But now it's got some competition. Students from NYU Law, led by professor Chris Sprigman, have put together their own streamlined, digital, open-source version, dubbed Baby Blue, and they're giving it away for free, despite threats from Harvard's lawyers.
The Bluebook might be "the most boring piece of intellectual property imaginable," as David Post describes it in The Washington Post, but it's a valuable one. Not only does every law student in the country lay down their cash for the Bluebook before their first class, some even pay annually for online subscriptions. All that cash goes to a consortium of law schools, with the lion's share given over to Harvard.
The Harvard Law Journal claims to be the originator of the Bluebook, a paternity that was recently contested by two Yale librarians.
But according to some, no one owns the Bluebook. A copyright fight has "led to open-source advocates believing a large chunk of the book is in the public domain," according to Above the Law's Kathryn Rubino. Those advocates have put out their own open-source uniform system of citation.
If you're not familiar with the term "open source," you're not alone. It's a buzzword much more common in tech circles than legal ones. Open source refers to allowing free, open access to a product's design, blueprint, code, etc. Linux, for example, is an open-source operating system. Anyone can go into the source code and muddle around.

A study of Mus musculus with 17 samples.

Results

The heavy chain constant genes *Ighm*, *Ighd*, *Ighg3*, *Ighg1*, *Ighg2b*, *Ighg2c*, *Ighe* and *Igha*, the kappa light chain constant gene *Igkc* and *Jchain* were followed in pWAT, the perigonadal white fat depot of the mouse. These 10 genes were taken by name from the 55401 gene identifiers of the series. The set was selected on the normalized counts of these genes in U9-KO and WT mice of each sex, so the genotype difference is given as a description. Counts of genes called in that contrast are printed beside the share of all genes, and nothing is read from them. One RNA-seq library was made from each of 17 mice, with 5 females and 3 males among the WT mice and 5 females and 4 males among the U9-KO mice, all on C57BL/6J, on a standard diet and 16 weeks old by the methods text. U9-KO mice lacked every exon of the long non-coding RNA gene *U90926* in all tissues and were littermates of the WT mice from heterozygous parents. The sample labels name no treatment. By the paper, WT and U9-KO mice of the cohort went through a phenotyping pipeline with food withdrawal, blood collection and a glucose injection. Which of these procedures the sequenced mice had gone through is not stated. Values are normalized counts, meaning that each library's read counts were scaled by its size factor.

The same too with Baby Blue. Echoing the techy language of open source, the first version of Baby Blue is labeled an "alpha release" and the public is invited to help the authors "debug" the materials.
Advocates for Baby Blue think it will help spread legal knowledge, at least as far as citation is concerned. Many Yale Law students recently signed a letter supporting Baby Blue, declaring: "We believe democratizing the rules of citation increases access to justice for all." (Which is fine, I suppose, though improper citation is hardly the greatest barrier to justice.)
The Baby Blue project is spearheaded by NYU's Chris Sprigman and attributed to "Sprigman et anon. al." (Now that's an abbreviation you don't see every day.)
Sprigman, an intellectual property professor, once ran the (currently abandoned) blog 'The Knockoff Economy,' a look at 'how imitation sparks innovation.' One of the last posts there praises the life and work of Aaron Swartz, who used university networks to download academic papers typically hidden behind paywalls and give them away for free online.
Is Baby Blue in the same vein? Sort of. A quick glance at Baby Blue shows that some content is almost exactly the same as the Bluebook's, such as the abbreviations in Table 6, which covers abbreviations in case names. And Meritor Sav. Bank v. Vinson, 477 U.S. 57, 60 (1986), will come out the same, whether you use Harvard's publication or Sprigman's.
For a project based on the idea that "the Bluebook is an anachronism. It is over-prescriptive and rigid," Baby Blue hews close to it.
But it does have some innovations, outside of the pricing. Organization is different, examples are clearer, and the "BabyBlue Clues" scattered about are amusing and sort of helpful. Why not test it out -- before Harvard's lawyers shut it down.